Caitlin Shetterly is not coy. In her memoir Made for You and Me, partially adapted from her pieces for National Public Radio, we endure her bedridden pregnancy and see her screaming at her loyal husband, Dan. Not surprisingly, Shetterly offers no tidy ending to the couple’s rage against the current recession. But her honesty compels you to keep reading, even as your heart breaks.
Dan and Cait believed that moving from Maine to California would have nothing but benefits. Dan was ready to escape his full-time photographer job, and Shetterly—an actor who founded her own theater company—had her own creative aspirations. They both loved Los Angeles, and their friends were thriving there. In March 2008, Dan and Cait packed up their car and ventured west to seize the opportunities that surely awaited them.
But they couldn’t escape reality—dumpy apartments covered with mold, Shetterly’s unexpected (but cherished) pregnancy—and the recession finally wrapped its tentacles around their livelihoods. Almost overnight, Dan and Cait’s security unraveled. Jobs were nonexistent. Funds ran dry. Eventually, the only option was to return to Maine and move in with Shetterly’s mother. “I don’t even know what I’d smash,” an angry Dan says shortly before they depart. “It’s all getting smashed for me.”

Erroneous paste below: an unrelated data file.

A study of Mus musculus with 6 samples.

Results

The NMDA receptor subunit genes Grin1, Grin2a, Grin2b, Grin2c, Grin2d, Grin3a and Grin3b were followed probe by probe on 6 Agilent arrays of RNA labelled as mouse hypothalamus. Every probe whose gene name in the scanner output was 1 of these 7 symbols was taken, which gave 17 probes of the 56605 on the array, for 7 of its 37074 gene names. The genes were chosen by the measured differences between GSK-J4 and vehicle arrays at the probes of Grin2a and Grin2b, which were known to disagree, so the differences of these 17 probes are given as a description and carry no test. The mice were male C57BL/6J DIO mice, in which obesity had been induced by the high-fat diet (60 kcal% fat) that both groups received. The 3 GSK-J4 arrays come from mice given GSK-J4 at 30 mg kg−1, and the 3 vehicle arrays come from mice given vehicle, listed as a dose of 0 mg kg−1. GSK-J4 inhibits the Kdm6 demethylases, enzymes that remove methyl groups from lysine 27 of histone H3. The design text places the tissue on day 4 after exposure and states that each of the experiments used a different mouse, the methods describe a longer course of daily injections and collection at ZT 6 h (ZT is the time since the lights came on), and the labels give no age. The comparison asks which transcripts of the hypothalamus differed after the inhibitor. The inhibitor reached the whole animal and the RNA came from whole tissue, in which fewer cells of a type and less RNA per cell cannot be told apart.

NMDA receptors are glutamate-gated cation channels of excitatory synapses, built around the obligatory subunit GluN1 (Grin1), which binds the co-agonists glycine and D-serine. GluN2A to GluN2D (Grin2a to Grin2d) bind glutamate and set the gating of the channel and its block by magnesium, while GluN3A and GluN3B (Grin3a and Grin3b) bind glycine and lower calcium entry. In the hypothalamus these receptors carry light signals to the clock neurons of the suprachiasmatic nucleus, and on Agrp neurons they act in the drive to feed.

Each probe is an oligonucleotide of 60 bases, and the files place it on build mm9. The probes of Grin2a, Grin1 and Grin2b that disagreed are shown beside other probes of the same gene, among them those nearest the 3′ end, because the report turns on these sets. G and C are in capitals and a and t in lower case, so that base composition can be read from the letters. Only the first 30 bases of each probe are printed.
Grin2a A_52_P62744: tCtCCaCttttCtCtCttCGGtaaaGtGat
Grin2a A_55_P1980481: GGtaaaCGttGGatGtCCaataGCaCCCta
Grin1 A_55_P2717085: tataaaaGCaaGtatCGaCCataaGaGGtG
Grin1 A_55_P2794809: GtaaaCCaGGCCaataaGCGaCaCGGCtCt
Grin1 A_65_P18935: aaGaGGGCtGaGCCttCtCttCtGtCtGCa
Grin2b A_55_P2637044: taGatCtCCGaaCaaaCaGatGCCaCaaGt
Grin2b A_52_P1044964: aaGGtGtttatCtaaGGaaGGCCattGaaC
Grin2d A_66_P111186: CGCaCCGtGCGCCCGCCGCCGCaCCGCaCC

Shetterly’s honesty is an enormous asset, and it’s not her only one. She’s a personable and humorous narrator who turns her American tragedy into an examination on how love carries us to the next day. Her dreams flattened, her life in tatters, at one point Shetterly feels crushed. Then she looks at her infant son. “I knew I needed to choose life and hold on tight,” Shetterly writes. For anyone still buried underneath the rubble of the economic collapse, Made for You and Me is more than a relatable read; it’s a straightforward and unsweetened source of inspiration from someone who was knocked out by the American Dream but still keeps fighting.